Since this is a screenplay, right up my alley, I did what any professional Reader for a Studio would, by giving you the "First 10 Test."
Your opening pages are very over-written. Not to worry, every writer who goes from fiction to screenplays always overwrites their action lines at first.
Learn to slash them to the bone.
"Alpha Vista's remarkable inhabitants are typically bright and creative, but they have become emotionally preoccupied..."
This is something that Readers call "un-filmable" information. In other words, as your movie opens, what images is the audience seeing that will deliver this information to them?
As it stands now, they'd have to read your script to know the citizens have become emotionally preocuppied, etc.
The conversation between Odyssey and Einstein is basically one long information dump given as exposition. There are interesting ways to get around exposition, but just having one character ask for a download of info now that he's "back home" from a place we never saw him journey to, is begging for trouble.
Pro Readers have to read dozens of scripts per week. When they see that exposition dump going on, they'll really pound you for it. Then they'll move on to the next script. (Readers are a cruel lot.) :)
Here's an example of what I mean:
Odyssey, "It's hard to imagine, but when I was just twelve years old the Golden Solar Society invited young scientists from all over the planet to live and study on the Oracle Space Station."
Now this is something that Einstein, being a computer program that has all the information on this planet, will already know. So by having Odyssey tell him this, it's a clear signal that the writer wants to quickly dump Odyssey's background on us.
You'd be better served by *showing* us this, instead of *telling* us this. Show, Don't Tell. That's the screenwriter's mantra.
You could open with a scene of Odyssey returning from this amazing orbital school to find his planet changed. If Einstein welcomes Odyssey home from school, you don't have to worry about just having a long conversation where all of this info is given.
I'll give you an example below of something I struggled with, when I first transitioned from writing only "long form" fiction, to writing screenplays.
Fiction Writer writes:
"An elderly woman is stirring a fresh cup of black coffee, counterclockwise. Her wrinkled, well manicured fingers comb through her golden hair, as she skims over a familiar menu at a back corner table."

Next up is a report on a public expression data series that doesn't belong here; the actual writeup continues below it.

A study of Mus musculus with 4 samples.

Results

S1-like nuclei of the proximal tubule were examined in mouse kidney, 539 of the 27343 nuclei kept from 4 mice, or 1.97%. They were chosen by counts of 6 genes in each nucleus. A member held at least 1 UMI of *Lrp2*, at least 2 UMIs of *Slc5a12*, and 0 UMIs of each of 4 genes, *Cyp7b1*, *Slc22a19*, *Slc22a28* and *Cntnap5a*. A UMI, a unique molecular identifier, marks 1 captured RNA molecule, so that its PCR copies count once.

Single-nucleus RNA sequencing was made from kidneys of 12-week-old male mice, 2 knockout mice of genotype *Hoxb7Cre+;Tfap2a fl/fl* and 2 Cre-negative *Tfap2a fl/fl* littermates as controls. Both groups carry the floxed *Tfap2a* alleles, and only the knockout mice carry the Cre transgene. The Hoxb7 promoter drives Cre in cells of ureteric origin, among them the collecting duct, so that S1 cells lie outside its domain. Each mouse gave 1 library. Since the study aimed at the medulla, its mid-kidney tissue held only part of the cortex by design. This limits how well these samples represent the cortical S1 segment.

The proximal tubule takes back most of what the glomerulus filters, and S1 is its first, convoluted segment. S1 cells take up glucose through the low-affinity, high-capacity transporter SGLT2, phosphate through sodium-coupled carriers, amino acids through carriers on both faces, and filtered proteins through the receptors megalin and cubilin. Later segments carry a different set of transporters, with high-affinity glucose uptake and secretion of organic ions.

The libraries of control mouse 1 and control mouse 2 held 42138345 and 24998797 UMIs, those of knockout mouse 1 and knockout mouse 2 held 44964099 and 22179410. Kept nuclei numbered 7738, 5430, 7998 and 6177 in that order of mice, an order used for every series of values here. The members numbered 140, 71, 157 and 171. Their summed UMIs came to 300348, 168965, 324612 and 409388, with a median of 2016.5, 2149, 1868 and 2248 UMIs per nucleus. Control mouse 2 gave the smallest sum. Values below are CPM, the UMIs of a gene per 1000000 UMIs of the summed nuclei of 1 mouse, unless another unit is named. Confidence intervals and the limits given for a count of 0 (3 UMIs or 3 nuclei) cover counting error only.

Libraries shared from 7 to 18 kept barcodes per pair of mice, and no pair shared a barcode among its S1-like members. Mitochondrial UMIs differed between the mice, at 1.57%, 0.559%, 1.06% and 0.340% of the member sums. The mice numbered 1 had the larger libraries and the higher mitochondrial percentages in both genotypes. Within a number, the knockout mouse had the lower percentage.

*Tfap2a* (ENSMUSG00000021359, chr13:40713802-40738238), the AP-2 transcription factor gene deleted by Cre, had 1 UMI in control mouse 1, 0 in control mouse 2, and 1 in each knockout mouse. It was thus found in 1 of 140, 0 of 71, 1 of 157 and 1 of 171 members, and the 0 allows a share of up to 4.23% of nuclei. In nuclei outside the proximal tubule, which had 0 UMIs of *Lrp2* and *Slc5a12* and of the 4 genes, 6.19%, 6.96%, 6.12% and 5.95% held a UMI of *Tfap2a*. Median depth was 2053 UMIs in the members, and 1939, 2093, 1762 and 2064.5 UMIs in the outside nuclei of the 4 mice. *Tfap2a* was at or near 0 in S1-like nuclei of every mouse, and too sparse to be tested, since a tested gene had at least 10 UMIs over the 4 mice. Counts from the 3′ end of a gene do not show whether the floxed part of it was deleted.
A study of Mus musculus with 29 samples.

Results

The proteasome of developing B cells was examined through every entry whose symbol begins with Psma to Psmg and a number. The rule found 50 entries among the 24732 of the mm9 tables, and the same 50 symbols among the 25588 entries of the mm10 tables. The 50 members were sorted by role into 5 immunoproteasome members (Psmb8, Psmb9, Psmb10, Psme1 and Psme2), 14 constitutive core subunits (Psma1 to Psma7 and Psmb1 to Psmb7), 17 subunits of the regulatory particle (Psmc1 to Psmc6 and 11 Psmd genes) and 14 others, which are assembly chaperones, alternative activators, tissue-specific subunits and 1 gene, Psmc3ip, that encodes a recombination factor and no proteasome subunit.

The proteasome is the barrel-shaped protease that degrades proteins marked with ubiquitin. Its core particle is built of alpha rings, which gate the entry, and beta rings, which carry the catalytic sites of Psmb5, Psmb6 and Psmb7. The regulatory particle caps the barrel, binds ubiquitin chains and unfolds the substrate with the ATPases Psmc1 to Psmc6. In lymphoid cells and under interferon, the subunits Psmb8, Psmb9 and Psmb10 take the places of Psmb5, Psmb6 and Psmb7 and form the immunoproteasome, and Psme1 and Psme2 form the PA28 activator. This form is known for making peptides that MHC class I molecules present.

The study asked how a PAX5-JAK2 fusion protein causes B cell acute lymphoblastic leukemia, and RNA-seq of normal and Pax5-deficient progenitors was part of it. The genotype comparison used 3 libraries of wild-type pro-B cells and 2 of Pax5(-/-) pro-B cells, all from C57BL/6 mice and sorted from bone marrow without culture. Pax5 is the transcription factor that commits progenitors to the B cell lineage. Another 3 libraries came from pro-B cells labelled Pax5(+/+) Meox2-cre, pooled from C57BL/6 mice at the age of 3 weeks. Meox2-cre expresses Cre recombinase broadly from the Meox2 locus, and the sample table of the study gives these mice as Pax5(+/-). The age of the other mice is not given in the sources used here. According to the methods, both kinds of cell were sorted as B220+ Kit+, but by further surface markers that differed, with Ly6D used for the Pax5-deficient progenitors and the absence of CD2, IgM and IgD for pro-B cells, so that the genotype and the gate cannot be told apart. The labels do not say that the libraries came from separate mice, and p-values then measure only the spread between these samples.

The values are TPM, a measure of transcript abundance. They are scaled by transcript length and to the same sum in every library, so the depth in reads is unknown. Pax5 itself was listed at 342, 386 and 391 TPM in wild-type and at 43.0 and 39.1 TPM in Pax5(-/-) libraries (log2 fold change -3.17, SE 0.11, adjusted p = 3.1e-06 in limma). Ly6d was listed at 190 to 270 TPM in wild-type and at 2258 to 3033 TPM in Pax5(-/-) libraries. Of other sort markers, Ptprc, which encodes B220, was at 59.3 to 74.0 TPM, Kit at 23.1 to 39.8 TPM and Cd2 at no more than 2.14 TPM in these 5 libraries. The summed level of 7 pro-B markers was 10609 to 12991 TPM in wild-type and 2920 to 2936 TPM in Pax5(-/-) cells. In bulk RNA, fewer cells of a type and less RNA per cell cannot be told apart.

An elderly woman with golden hair stirs black coffee while she reads a menu at a back table.
Unless the counterclockwise thing winds up being part of the story later, little details like that will be taken care of by the Actor and Director on set. Don't get too bogged down in detail in a script.
From the opening scene, to this scene, to the scene in America's bedroom, we meet a variety of characters that might be our lead character. By introducing many people in the first few pages without really sticking with them, it can get confusing quickly.
Is America just writing the story of Odyssey, the character we met earlier? If she is, it might be better to cut to her after Odyssey's scenes to that we're clear she's writing that story.
Remember, a pro Reader will not let you say, "But the story really starts to unfold on page 40. If you had only kept reading..."
Unfortunately, movie people have short attention spans. :)
You'd better lay out your concept, or at least your main character, very clearly in those first 10 pages. It sucks, I know. But that's the industry we're trying to work in.
Page 9: America's breathing has become shallow. Her face a bit confused. She's recalling something eerily familiar...
Remember, the audience in the theater will only see a young girl with a confused look on her face. They don't have the information that she's recalling something familiar. You need to find an image to express that to someone who is not reading your script.
There's another long piece with Grandpa telling America some back story here. It's okay to have him tell, but you should have imagery over this, otherwise it's just another scene of someone talking.
You could easily do a voice over here and *show* us what happened to America's great grandmother as Granpa narrates.
These are all easy fixes that will come in time. Before you know it, you'll be cranking out 2 line action paragraphs and this baby will become lean, lean, lean.
I bet you can easily cut 7 pages off this 125 page count just by trimming all action paragraphs like that.
Believe me, when a Reader comes to the middle of their stack, and they see your well-written, lean, mean, fighting machine of a script that says "110" on the last page, they'll love you!